Thoughts on the Future of the Web

Many people have predicted what the future of the Internet holds. To each his own comes to mind as there are many different takes on what that future will be like. For some that future shows a vastly improved mobile web or the proliferation of open standards while to others the future places high value on security as web-based services replace desktop applications. Of course there is the canonical "web 3.0 is the semantic web" approach as well. I have always sided with Alan Kay's stance of "the best way to predict the future is to invent it." However, I am often asked what I think the future of the web holds, so here is my answer.

The Problem

Take a look around at the current state of the web. Everything is about feeds and information overload. An entire subset of the technology industry is devoted to creating feeds of feeds (Friendfeed, Socialthing and their competitors come to mind). Information overload is currently the single largest issue facing webizens. How many articles about how to get things done and managing your email inbox have you come across online?

The Future

While I believe there are many aspects to the future of the web, from relying on cloud data storage and web-based services to the rise of mobile location-aware services and advertising, the core of the future web will be about technologies that help users cut down on information overload. That is, taking large amounts of data and providing the user with information relevant to them and people that matter to them. Technologies in this space are collaborative filtering, singular value decompositions (think Netflix's recommendations), artificial intelligence and latent semantic analysis.

I guess you could say this goes along with the "semantic web" concept of helping machines communicate with other machines and find relationships between data. In a fully realized form, these technologies will allow machines to learn and understand the tastes and preferences of the user and help filter through open data to provide the user with information they want, need and what they didn't know they liked. Abiding by the long tail concept (although a study recently proved otherwise), web users don't necessarily like only the popular items, making it hard for current systems to adequately predict what the user wants or is looking for. I'm not just talking about reading feeds, but rather sifting through any open, linked data on the web, which brings me to my next point.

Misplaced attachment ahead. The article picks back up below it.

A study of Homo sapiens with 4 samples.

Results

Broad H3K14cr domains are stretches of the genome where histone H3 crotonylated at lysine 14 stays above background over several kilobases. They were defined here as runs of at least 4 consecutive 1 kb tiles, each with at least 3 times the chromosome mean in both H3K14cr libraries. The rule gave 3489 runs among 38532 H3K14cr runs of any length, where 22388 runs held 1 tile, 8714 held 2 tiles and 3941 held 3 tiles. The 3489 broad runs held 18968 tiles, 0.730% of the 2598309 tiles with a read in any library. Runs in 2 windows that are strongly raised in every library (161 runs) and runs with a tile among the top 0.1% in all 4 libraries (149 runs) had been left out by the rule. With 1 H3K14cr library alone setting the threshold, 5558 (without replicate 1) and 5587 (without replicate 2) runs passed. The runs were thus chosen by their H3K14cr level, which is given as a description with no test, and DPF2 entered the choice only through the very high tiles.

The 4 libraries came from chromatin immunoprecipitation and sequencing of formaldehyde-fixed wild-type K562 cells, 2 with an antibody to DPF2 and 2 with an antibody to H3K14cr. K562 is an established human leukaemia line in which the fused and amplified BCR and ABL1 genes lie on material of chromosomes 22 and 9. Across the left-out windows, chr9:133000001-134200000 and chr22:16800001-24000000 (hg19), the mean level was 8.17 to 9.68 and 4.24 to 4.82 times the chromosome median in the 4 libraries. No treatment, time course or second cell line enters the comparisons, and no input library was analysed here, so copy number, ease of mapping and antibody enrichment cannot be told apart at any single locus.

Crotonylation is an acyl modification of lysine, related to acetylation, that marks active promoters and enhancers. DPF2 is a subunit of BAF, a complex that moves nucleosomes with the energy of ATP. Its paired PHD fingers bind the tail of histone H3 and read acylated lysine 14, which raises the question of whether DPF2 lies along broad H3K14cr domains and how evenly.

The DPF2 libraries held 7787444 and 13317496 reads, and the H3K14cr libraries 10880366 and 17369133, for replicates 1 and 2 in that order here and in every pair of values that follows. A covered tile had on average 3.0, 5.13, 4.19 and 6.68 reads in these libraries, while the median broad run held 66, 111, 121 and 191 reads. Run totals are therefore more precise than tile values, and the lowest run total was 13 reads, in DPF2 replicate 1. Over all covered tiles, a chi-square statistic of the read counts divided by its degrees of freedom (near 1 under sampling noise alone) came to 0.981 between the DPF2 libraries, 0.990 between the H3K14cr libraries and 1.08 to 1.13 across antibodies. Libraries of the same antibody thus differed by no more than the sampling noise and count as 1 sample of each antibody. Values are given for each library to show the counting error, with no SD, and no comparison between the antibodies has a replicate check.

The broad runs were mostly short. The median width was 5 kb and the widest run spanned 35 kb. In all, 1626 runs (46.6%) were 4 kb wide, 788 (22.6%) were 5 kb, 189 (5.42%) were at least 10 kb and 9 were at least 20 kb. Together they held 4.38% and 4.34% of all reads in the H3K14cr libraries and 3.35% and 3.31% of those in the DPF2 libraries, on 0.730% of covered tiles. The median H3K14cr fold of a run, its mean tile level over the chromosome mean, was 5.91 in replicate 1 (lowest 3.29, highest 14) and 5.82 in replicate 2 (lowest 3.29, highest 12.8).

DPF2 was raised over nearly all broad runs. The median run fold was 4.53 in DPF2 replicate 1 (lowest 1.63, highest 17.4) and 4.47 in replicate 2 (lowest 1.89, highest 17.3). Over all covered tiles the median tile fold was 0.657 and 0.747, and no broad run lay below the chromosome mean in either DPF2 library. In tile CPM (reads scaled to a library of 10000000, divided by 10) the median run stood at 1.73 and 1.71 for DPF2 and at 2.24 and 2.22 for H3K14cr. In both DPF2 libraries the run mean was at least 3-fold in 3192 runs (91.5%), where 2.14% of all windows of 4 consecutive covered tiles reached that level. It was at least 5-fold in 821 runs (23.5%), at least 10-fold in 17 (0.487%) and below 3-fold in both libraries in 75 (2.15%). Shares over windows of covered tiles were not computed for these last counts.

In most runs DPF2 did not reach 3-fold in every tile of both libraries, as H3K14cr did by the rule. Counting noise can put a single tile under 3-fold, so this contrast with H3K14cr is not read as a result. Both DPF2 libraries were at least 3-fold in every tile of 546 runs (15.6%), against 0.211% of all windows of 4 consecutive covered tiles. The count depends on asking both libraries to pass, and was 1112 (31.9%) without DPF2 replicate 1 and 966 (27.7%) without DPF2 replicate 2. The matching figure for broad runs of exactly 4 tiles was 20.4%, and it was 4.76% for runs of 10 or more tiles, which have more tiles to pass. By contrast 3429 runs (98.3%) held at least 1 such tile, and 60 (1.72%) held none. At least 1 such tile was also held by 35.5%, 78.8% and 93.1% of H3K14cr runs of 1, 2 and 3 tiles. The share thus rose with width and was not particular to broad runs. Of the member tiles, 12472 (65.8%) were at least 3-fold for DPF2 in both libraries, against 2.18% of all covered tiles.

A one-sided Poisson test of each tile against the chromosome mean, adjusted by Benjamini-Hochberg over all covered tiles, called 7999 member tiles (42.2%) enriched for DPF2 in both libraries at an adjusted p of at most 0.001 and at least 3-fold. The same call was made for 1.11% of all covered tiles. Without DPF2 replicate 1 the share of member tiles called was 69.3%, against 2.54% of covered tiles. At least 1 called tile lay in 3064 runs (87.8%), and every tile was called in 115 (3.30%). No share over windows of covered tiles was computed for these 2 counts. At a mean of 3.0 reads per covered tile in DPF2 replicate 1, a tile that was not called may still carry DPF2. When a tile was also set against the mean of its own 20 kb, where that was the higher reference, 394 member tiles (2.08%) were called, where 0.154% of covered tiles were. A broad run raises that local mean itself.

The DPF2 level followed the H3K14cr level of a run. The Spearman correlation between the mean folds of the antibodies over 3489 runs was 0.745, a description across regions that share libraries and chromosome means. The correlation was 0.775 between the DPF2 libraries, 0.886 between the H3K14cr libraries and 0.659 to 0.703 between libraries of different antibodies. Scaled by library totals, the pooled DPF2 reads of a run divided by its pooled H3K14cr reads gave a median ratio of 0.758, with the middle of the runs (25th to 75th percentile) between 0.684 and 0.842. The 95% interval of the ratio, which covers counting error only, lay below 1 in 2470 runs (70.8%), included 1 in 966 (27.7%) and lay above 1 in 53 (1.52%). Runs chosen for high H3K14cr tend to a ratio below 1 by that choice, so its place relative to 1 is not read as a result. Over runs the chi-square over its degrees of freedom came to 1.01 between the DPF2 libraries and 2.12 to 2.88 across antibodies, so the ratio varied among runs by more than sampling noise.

The future of the web will usher in open data. Businesses need to stop locking up their data. Just put it out there. Users will embrace it and it can only help with business. Publishing 2.0 put it well in an article about data:

The future of the web will be determined by companies that can overcome people challenges — to bring EVERYONE’S data online, and make it useful. And it won’t be about locking up people’s data, but instead helping them be smart about the free flow of their data.

It will be about networking that data, connecting it, to make a whole greater than the sum of the parts. That’s why web applications are so much more powerful than siloed desktop applications. That’s why the web itself is so powerful — it’s not just about collecting and distributing data. It’s about connecting data. And about connecting people.


The future of the web is about efficiency. While the semantic web concept is about machines communicating with machines, we also really need a way for machines to understand humans.

When will we know when we have arrived at the future of the web? I like to think it's when we reach Arthur C. Clark's third law of prediction:

Any sufficiently advanced technology is indistinguishable from magic.

Other Tech

I only took on a single point of what I believe the future of the web will be about. I also feel that Data Portability, OpenID and the Social Graph will be interesting areas to watch. Users should not have to maintain multiple versions of their data, identity and connections on different websites.

I'm also pretty excited about where mobile location-aware services are headed. Wouldn't you love to drive by a restaurant and immediately be notified of their 2 tacos deal? Okay, that's not a strong example but you catch my drift. Fifty percent of Nokia phones will have GPS by 2010, 100 percent of Apple phones will have GPS by July 11th, 2008, and so on. The potential is there.

What do you think the future of the web holds?